Tsavo West National Park
Tsavo West National Park covers an area of 9,065 square kilometres but the terrain is much more varied than that of Tsavo East. It ranges from 200-1000m in altitude. The northern sector is bushland with scattered native baobab trees.
The park is located about 200 km south-east of Nairobi. Separated only by the Mombasa/Nairobi road from Tsavo East, Tsavo West is part of the entire Tsavo eco-system.
The Mzima Springs, with its unique underwater hippo observatory, and for the Shaitani lava flows and Chaimu volcanic crater, the park also offers plenty of opportunities to explore on foot. In addition, the park has recorded over 600 species of birds. The park also holds an important rhino sanctuary and is famous for elephant.
The railway runs along the border separating Tsavo East and Tsavo West National Park. In 1898, as many as 135 railway workers were attacked and killed by man-eating lions. The pair of male, maneless lions that, unusually, hunted humans rather than livestock, evaded traps and capture for many months. The man-eaters were eventually shot by Lt. Col. John Henry Patterson, but the legend lives on.
Ngulia Rhino Sanctuary: At the base of Ngulia Hills, this 90-sq-km area is surrounded by a 1m-high electric fence and provides a measure of security for around 80 of the park’s highly endangered black rhinos. There are driving tracks and waterholes within the enclosed area, but the rhinos are mainly nocturnal and the chances of seeing one are slim – black rhinos, apart from being understandably shy and more active at night, are browsers, not grazers, and prefer to pass their time in thick undergrowth.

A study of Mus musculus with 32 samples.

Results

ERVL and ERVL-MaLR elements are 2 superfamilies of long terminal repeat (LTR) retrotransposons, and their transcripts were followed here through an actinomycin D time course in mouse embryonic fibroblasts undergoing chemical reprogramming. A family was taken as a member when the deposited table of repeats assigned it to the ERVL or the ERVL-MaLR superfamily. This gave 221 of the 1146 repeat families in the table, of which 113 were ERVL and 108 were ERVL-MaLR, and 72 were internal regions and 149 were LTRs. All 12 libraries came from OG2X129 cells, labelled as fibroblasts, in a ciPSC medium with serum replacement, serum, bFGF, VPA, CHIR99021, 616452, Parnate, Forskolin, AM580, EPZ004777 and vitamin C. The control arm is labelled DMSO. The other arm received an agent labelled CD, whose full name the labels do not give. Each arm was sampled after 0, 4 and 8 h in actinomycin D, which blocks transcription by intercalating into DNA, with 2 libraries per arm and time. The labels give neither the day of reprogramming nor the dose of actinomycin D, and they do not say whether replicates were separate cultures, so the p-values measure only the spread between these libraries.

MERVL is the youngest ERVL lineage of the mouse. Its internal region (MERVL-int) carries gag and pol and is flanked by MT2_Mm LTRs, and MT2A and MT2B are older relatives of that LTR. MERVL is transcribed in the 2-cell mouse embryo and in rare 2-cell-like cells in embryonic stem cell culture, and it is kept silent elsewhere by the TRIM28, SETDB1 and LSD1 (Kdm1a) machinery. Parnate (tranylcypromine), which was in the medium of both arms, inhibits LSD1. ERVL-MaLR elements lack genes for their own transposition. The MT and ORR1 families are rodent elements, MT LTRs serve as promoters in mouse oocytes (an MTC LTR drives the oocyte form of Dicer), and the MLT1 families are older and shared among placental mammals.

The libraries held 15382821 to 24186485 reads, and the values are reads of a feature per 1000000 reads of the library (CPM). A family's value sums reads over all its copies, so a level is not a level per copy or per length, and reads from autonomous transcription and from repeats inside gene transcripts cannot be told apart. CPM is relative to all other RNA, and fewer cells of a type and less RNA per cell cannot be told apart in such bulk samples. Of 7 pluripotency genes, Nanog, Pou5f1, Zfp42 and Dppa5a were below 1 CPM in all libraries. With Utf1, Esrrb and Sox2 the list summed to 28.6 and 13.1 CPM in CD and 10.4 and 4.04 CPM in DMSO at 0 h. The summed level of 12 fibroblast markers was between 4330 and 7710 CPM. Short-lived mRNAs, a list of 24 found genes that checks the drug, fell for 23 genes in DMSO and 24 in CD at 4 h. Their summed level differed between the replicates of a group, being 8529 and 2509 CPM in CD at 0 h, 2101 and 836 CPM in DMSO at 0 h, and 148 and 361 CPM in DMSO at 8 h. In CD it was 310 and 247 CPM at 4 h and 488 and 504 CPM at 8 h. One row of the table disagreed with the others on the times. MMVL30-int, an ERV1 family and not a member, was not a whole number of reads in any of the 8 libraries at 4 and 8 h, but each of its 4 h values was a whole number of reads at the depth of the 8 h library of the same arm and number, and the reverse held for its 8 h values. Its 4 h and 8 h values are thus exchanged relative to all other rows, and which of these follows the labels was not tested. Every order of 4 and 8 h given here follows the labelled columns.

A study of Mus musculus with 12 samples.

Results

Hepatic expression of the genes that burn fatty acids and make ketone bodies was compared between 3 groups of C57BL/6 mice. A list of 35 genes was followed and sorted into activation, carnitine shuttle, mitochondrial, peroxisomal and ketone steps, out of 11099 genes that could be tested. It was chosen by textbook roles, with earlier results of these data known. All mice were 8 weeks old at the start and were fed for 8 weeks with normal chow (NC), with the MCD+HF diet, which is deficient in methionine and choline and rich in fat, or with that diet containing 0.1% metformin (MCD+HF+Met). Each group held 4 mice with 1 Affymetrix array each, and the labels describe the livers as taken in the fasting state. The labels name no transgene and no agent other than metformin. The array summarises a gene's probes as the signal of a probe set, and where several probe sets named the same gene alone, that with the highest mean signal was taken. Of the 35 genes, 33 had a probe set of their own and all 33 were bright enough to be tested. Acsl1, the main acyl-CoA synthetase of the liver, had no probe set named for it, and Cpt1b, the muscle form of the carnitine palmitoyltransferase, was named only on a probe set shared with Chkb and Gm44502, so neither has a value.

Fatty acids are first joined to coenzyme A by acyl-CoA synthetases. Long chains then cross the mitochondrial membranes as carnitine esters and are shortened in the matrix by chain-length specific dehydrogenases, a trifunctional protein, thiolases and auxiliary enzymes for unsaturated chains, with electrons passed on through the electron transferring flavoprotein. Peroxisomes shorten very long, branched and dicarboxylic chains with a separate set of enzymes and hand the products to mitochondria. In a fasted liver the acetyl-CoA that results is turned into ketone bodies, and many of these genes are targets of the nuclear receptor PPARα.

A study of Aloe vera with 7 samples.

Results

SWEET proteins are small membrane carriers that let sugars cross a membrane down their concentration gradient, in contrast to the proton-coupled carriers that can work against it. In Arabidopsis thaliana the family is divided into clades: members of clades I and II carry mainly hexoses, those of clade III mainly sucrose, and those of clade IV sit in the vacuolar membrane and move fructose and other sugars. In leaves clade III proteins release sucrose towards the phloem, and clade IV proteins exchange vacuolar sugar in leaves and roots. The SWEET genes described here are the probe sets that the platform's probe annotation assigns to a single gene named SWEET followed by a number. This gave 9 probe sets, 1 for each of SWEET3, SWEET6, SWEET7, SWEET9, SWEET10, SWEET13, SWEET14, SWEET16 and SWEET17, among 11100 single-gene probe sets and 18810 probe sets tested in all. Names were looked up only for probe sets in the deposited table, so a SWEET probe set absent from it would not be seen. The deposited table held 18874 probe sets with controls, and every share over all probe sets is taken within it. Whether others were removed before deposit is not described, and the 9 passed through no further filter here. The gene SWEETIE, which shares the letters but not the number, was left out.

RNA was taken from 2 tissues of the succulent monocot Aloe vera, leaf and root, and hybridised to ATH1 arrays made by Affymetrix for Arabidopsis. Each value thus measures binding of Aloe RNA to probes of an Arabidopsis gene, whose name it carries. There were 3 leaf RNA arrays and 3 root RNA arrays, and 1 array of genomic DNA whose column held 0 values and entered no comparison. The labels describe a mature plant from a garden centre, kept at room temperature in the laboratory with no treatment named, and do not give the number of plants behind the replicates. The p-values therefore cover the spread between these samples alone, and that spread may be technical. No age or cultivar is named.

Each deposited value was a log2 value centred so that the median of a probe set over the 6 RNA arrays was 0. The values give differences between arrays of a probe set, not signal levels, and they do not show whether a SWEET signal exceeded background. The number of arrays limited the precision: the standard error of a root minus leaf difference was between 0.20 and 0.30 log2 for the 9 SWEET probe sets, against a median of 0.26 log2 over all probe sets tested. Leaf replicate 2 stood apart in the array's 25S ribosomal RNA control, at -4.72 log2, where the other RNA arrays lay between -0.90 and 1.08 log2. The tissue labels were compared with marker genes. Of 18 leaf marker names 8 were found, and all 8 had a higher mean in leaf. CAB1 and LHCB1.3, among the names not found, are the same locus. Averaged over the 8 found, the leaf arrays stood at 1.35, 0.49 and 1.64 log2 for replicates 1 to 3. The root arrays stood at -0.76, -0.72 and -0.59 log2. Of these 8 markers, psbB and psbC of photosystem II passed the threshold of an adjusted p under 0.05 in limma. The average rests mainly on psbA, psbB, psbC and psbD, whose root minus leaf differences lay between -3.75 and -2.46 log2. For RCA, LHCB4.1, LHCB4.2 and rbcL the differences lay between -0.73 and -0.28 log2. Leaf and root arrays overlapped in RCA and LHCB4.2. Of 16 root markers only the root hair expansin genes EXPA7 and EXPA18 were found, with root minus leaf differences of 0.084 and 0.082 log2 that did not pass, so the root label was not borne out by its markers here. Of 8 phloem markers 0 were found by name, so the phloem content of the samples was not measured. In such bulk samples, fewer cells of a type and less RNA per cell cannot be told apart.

Mzima Springs: Mzima Springs is an oasis of green in the west of the park that produces an incredible 250 million litres of fresh water a day. The springs, whose source rises in the Chyulu Hills, provides the bulk of Mombasa’s fresh water. A walking trail leads along the shoreline. The drought in 2009 took a heavy toll on the springs’ hippo population; the population is stable at around 20 individuals. There are also crocodiles and a wide variety of birdlife.
Wildlife: Wildlife densities in Tsavo West aren’t that great, but everything is there. There are many elephants, and they are often covered in red dust, giving them an eerie appearance. The park is also known for its maneless lions and big herds of buffalo. Despite poaching in recent years, black rhinos have been on the comeback in Tsavo since the late ’80s when they were close to being locally extinct. The drive-through rhino sanctuary increases your chances of spotting one.
Getting there: Tsavo West is situated in the southeast of the country, 232km/144mi from Nairobi and 250km/155mi from Mombasa. Driving to the reserve from Nairobi, Mombasa or another park is a good option depending on your plans. The distance from Lake Nakuru NP is 460km/285mi and the driving time is about eight hours.
There are daily scheduled flights to Tsavo West from Nairobi, and there are several airstrips available for chartered flights
Where to stay: Guests who desire a balance between quality and cost, we recommend three deluxe accommodations at our Tier 2 rating – Severin Safari Camp, Kilaguni Serena Safari Lodge and the private conservancy based Lions Bluff Lodge. Severin Safari Camp features twenty-seven octagonal guest tents and suites that are cooled by fresh breezes flowing through mesh windows and front opening. Each guest tent has a small private patio, en-suite bathroom, personal safe and housekeeping services.